Italy’s cimiteri (cemeteries) are coming alive this week as families prepare for November 2 (All Souls’ Day), which the Catholic Church dedicates alla commemorazione dei defunti (to the commemoration of the deceased). To celebrate Il giorno dei morti (the Day of the Dead), many Italians travel to their home towns to place fiori, soprattutto crisantemi, e lumini (flowers, especially crysanthemums, and small lights) on the graves of departed relatives.
A friend explains that this is “non un giorno di lutto, bensì una giornata felice” (not a day of mourning, but instead a happy day) when families share frutta, dolci, cioccolato e caramelle (fruit, sweets, chocolates and caramels) as a way of remembering the deceased and, she contends, of communicating with them without words. Among the sweets baked to ease sadness are ossa di morto (literally the bones of the dead) and stinchetti dei morti (little shins of the dead).
Italian cemeteries often resemble marble-walled cities of souls. Some, called cimiteri monumentali (monumental cemeteries), are famous for their funerary art. But what impressed me most on a visit to the centuries-old graveyard at San Miniato in Florence were the touching tributes to lives that ended too soon.
“Non ti dimenticheremo” (We will not forget you), reads a memorial from 1943, “perché fosti il migliore di noi, perché c’insegnasti ad essere buoni e coraggiosi” (because you were the best of us, because you taught us to be good and courageous).
Amid many monuments praising gallant young men who fought in Italy’s wars, I came upon one for a remarkable woman, Antonia Masanello (1833-1862). This courageous “Garibaldina” dressed as a man to battle by her husband’s side in the fight for Italian independence led by Giuseppe Garibaldi. The words on her tomb read:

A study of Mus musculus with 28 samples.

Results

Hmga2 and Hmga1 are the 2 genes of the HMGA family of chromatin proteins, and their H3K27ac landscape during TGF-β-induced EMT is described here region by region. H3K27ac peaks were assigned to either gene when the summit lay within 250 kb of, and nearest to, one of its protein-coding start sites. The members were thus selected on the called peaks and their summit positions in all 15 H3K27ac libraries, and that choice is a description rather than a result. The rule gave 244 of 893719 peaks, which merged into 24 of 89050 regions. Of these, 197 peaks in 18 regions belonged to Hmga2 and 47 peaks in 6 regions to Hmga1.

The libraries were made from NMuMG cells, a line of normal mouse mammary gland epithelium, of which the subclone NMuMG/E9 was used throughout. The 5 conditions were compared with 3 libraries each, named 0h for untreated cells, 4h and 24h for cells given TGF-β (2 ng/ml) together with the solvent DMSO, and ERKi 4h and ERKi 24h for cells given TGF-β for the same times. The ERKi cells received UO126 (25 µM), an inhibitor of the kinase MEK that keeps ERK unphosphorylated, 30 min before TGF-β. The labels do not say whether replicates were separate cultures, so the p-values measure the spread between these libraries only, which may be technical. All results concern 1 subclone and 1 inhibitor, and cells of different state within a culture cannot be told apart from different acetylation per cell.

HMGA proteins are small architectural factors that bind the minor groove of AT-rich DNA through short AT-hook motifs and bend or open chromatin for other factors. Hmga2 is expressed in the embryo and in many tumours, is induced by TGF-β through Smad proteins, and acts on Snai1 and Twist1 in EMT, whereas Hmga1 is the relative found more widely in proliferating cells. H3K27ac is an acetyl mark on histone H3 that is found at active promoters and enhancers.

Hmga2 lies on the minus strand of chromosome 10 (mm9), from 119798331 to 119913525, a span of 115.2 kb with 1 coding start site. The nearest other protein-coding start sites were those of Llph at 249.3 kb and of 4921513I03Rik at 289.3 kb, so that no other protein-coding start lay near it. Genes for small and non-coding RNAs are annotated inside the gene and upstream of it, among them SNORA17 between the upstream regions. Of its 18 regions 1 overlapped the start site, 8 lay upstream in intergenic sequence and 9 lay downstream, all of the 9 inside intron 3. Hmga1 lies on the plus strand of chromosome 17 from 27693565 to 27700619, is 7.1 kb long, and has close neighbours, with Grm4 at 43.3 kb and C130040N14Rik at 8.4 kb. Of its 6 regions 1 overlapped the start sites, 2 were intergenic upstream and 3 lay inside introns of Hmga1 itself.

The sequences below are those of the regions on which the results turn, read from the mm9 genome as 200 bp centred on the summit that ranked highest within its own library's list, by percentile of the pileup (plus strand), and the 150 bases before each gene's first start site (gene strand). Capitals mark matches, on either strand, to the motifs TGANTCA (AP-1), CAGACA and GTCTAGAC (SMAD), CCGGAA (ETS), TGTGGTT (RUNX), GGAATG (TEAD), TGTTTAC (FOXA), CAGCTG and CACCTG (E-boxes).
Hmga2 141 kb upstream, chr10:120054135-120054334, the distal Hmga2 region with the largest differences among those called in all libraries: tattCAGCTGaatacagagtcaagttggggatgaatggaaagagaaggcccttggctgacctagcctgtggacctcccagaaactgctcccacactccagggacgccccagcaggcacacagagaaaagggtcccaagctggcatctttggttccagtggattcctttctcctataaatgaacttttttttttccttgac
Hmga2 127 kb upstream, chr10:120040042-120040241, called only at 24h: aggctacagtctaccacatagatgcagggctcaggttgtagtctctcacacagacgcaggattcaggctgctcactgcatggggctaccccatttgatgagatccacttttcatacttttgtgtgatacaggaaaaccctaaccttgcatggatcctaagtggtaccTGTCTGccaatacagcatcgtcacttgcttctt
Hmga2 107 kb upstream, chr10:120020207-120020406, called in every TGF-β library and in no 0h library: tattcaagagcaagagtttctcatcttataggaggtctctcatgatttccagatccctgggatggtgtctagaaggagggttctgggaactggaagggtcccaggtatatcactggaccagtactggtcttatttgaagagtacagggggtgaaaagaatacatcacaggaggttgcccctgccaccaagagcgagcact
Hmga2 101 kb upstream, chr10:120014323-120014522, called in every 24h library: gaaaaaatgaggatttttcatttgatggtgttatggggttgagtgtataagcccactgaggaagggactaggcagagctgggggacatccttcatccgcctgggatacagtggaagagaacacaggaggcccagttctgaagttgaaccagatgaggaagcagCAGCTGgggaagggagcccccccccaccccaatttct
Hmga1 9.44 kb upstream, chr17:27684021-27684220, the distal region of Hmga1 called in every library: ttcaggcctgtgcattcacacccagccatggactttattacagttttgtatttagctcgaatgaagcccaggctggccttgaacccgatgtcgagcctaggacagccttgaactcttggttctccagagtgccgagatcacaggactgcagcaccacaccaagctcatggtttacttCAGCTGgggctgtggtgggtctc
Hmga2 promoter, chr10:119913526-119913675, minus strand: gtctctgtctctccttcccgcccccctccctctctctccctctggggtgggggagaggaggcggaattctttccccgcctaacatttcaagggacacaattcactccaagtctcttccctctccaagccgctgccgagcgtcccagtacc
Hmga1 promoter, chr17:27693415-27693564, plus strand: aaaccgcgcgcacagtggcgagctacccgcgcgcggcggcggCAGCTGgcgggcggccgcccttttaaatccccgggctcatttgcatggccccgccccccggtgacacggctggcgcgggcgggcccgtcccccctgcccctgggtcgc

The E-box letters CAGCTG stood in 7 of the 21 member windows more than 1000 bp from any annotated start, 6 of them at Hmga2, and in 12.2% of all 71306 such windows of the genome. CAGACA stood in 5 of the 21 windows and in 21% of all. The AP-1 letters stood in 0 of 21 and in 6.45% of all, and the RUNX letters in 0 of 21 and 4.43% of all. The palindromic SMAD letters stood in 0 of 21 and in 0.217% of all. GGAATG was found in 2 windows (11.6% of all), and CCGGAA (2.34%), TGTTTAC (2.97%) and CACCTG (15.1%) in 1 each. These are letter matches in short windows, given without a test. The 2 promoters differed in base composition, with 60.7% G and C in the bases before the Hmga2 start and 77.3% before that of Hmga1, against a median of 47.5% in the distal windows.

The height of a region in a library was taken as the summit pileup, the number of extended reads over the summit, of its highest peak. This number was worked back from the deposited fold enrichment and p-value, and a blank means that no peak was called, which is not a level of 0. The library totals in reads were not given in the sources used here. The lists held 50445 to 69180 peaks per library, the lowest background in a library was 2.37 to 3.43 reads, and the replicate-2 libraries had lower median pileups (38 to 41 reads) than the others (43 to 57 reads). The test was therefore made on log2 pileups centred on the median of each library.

“Era bella. Era piccina ma aveva cor di leone e di soldato.” (She was beautiful. She was tiny but she had the heart of a lion and of a soldier.)
“Se non fosse che era donna le spalline avria avute e non la gonna e poserebbe sul funereo letto con la medaglia del valor sul petto.” (If she hadn’t been born a woman, she would be wearing epaulets instead of a skirt, and she would have been laid on her funeral bed with the medal of military valor on her chest.)
“Ma che fa la medaglia e tutto il resto? Pugno’ con Garibaldi. E basta questo.” (But are a medal and all the rest really important, after all? She fought alongside Garibaldi. This is enough.)
An enchanting memorial captures the vitality of a handsome young aviator, Mario Mazzone, who died in 1944 during the Second World War, possibly while an Allied prisoner of war. I had assumed that Maria, his marble companion, was his wife or fiancee. However, after I first recounted this story, readers informed me that Graziella Cirri, who had researched the history of the tomb, found that it was commissioned by Mario’s mother in 1947 and speculated that the two were brother and sister.
Whatever their relationship, Mario, in his military dress uniform, and Maria, with long hair and an elegant gown, radiate joy as they dance on their grave, reminding us that love never dies.